Concrete Stain

Concrete stain applications are becoming increasingly popular with business and homeowners (and most likely you since you've found this page!). The cool looks that can be achieved with stains are making people forget about the traditional methods of floor coverings (like carpet, tile, wood, linoleum etc . . .) and look to the decorative concrete professionals to create something unique and durable.

Concrete Stain Porch

Acid-Based Stain

Acid staining has some wonderful characteristics to it. The outcome is random, and the acid "takes" to the concrete differently in different areas giving it a "one of a kind" variegated appearance. No two jobs look the same! With many colors to choose from, you can transform even your old slab of concrete into something wonderful.

Even with all the great benefits of acid stains, there are some down sides. That random outcome (that gives your concrete a "one of a kind" appearance) is kind of a two-edged sword. One the one hand, after it is stained and neutralized, it could have a beautiful "never seen before" look to it and on the other hand, it could have an ugly "never seen before" look to it as well!

Most decorative concrete contractors that specialize in concrete staining with acid know how to get the color in the general direction that you're going for (with different staining techniques) but if you're attempting to do it yourself, you might run into some ugly problems.

Because of some of the problems associated with acid concrete stain, some contractors are utilizing water-based stains on a more frequent basis.

Water-Based Concrete Stain

Water-based stains are definitely easier to work with. Environmentally friendly and with no need use any neutralizing methods on the the surface after the acid has been applied, these products are a nice option. The downside here is that you'll have to become a little more of an artist while applying water-based stains. What you see is what you get - if you spray a brown stain, it's going to look generally look brown and not a whole bunch more crazy changes are going to happen to it like it would with an acid stain.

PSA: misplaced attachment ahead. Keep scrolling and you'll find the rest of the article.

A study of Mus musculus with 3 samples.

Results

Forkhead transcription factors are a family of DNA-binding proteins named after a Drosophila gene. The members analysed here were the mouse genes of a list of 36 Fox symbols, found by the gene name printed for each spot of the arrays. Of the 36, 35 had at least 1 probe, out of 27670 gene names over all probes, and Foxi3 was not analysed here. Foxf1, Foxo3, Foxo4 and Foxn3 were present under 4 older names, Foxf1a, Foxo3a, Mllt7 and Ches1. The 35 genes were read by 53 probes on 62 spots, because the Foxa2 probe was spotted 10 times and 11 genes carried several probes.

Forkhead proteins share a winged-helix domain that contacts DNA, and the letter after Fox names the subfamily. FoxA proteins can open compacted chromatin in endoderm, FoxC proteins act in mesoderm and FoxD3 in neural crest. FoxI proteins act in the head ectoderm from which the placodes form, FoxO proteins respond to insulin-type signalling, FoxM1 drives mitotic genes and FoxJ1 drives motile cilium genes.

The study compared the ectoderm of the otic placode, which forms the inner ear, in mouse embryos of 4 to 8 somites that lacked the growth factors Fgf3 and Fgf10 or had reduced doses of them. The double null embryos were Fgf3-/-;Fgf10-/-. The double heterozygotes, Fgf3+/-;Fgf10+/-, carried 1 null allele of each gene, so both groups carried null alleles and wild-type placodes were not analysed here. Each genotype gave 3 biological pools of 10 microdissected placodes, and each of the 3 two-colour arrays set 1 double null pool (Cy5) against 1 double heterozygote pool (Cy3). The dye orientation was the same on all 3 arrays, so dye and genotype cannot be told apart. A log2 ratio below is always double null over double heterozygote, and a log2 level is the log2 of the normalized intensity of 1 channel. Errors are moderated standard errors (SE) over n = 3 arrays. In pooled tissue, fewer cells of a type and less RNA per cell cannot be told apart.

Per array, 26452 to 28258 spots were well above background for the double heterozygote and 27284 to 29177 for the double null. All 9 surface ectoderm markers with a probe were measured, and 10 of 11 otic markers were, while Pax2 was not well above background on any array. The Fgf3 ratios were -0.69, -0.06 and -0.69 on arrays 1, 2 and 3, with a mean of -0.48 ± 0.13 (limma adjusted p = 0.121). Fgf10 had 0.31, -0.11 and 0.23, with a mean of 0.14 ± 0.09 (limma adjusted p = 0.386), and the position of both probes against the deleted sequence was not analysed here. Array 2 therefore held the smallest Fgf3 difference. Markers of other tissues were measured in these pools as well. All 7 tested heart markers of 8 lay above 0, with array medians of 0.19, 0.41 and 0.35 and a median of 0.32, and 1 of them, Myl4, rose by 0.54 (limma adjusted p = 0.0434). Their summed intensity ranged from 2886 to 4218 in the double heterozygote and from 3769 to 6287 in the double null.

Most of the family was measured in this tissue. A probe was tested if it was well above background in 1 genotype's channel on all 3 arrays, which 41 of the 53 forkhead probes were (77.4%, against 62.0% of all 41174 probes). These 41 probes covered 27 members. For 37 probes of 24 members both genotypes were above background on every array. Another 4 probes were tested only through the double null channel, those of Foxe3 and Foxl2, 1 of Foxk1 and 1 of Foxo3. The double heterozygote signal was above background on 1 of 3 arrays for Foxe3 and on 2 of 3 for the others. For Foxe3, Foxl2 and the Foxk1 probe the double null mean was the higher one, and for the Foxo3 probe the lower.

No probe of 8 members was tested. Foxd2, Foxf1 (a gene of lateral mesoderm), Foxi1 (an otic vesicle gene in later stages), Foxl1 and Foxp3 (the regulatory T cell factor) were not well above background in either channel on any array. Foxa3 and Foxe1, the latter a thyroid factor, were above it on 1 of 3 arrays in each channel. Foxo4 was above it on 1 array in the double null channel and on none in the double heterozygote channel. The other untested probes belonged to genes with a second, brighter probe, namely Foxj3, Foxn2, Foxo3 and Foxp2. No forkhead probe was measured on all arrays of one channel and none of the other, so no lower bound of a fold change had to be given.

Even with some of the limitations of the water-based stain, great looks are being achieved with different mottling and color variegation techniques. Going this route might just be the best option if you're not that adventurous!

The Overlay Route

Sometimes your concrete slab has got many problems going on with it - it may have many holes on the edges from carpet tack strips and there may be other patching issues that need to be done first.

If this is the case, a thin polymer cement overlay would be required to give you a new canvas to work with. Not only does this thin top coat help hide some imperfection in the surface, you can achieve a closer (not exact) color that you're wanting. When you produce sample boards with an overlay on it and then stained with a color (or several colors), you'll better know what the outcome will be with a particular stain (whether it be a water or acid-based concrete stain.

One word of caution though, most stain color charts in the industry show approximately what the stain should look like on a regular slab of concrete. When you apply any stain to a polymer cement overlay, you'll get a drastically different look (many time much brighter than expected). Samples are essential before you attempt any job.